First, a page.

Area Pork Producers Fighting Against a Deadly Virus Possibly Carried by the Wind
Porcine Epidemic Diarrhea virus, or PEDv, is a heat-sensitive virus than can kill up to 100% of piglets that contract it, and hog producers in the Oklahoma Panhandle and Southwestern Kansas are battling the disease that experts now believe is carried on the wind reported the Global Post. That’s devastating news for high plains farmers where the wind is a strong, consistent force of nature.
The disease has been in Europe since the 1970s, is uncontrolled in China and Asia after nearly 40 years. The first case in the United States occurred in April of this year. Federal investigators have traced the first U.S. case to Ohio, but have not pinpointed the origin, or how it entered the U.S. 600 cases have been confirmed in 17 states. Each case could represent thousands of infected animals.
Hitch Enterprises' production manager Mike Brandherm said he lost roughly three weeks of production this summer, about 18,000 pigs.
Prestage's manager Greg Stephens told Reuters he is concerned piglets still are dying at an above-normal rate. Sows pass immunity to their newborn, he said, and the piglets should have developed immunity by now.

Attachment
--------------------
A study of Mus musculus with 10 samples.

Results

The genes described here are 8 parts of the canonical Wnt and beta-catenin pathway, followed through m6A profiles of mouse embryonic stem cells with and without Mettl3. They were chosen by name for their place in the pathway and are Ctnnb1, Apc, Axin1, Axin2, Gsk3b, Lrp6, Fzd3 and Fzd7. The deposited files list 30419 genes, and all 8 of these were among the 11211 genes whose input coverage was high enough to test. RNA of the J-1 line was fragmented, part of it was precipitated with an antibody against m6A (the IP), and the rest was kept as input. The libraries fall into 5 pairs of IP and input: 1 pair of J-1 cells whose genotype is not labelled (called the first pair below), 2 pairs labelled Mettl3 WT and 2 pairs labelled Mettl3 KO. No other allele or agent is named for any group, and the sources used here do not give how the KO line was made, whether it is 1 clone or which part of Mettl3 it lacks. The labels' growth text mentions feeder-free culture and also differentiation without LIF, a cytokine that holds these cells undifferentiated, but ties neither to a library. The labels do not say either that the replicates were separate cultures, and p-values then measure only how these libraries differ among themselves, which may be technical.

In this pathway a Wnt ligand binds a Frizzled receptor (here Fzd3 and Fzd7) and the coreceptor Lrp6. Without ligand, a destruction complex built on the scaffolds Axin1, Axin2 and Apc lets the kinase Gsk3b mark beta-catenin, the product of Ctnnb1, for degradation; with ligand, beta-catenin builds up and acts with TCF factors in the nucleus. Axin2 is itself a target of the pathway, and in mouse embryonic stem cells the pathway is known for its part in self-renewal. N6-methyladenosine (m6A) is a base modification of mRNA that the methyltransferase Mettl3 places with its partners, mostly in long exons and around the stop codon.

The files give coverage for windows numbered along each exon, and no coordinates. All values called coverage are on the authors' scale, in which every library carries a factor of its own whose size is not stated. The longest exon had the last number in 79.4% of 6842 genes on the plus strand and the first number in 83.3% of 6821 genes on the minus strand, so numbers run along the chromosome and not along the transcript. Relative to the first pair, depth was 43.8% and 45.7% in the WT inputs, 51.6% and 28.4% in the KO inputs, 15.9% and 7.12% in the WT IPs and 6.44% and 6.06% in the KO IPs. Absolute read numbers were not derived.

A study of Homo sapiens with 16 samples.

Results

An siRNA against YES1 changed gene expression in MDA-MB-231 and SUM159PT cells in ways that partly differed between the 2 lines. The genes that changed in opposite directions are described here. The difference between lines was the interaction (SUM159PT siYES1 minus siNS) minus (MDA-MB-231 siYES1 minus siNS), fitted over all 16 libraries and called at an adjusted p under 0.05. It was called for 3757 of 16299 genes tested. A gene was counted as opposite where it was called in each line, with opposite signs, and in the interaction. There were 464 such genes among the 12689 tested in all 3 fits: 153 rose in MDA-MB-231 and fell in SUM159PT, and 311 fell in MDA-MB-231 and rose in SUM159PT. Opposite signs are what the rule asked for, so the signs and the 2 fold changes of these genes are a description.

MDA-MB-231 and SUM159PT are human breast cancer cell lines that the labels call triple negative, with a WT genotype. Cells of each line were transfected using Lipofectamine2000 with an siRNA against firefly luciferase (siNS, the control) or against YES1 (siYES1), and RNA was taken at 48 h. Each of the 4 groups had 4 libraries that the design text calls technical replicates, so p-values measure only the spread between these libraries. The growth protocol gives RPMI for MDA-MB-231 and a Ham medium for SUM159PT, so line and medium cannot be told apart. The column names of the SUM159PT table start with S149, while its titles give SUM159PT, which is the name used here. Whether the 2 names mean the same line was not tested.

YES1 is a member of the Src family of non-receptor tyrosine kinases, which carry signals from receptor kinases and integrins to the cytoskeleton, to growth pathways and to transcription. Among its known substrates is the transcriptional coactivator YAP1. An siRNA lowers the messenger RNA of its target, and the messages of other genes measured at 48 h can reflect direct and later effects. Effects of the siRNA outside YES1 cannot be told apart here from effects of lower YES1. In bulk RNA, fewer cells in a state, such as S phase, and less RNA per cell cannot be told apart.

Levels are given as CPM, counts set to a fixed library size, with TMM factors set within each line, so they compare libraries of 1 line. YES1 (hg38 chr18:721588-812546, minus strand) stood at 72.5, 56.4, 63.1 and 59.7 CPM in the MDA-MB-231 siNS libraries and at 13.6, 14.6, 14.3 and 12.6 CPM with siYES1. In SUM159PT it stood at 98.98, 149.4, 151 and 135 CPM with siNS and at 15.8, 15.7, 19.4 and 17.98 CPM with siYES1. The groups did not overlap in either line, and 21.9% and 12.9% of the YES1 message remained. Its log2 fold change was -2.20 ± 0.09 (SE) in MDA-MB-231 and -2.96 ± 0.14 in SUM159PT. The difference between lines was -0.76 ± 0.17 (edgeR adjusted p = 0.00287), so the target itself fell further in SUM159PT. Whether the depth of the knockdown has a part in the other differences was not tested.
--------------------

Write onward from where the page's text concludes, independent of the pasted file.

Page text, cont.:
Third-generation hog farmer Nathan Smith is battling the virus by removing young pigs early from farrowing barns and keeping buildings warmer than usual. He also has switched to an organic nutritional supplement to quell diarrhea in the animals.
Smith took action after losing 15,000 piglets this summer, or about $1 million worth of livestock.
"We had this one trailer come back from the packing house, and that started it," Smith said. "On a Friday, one blew up. On Sunday, another blew up. Then Monday, another one."
Smith is convinced the wind carried the virus. "It moved too fast for tires, too fast for feet," he said. "The only thing that touched each was the wind."
Most of these piglets die within 72 hours from dehydration associated with diarrhea. Older animals usually survive after being ill. The outbreak slowed with the summer heat, and is expect to thrive again when the weather cools. The virus poses no threat to humans.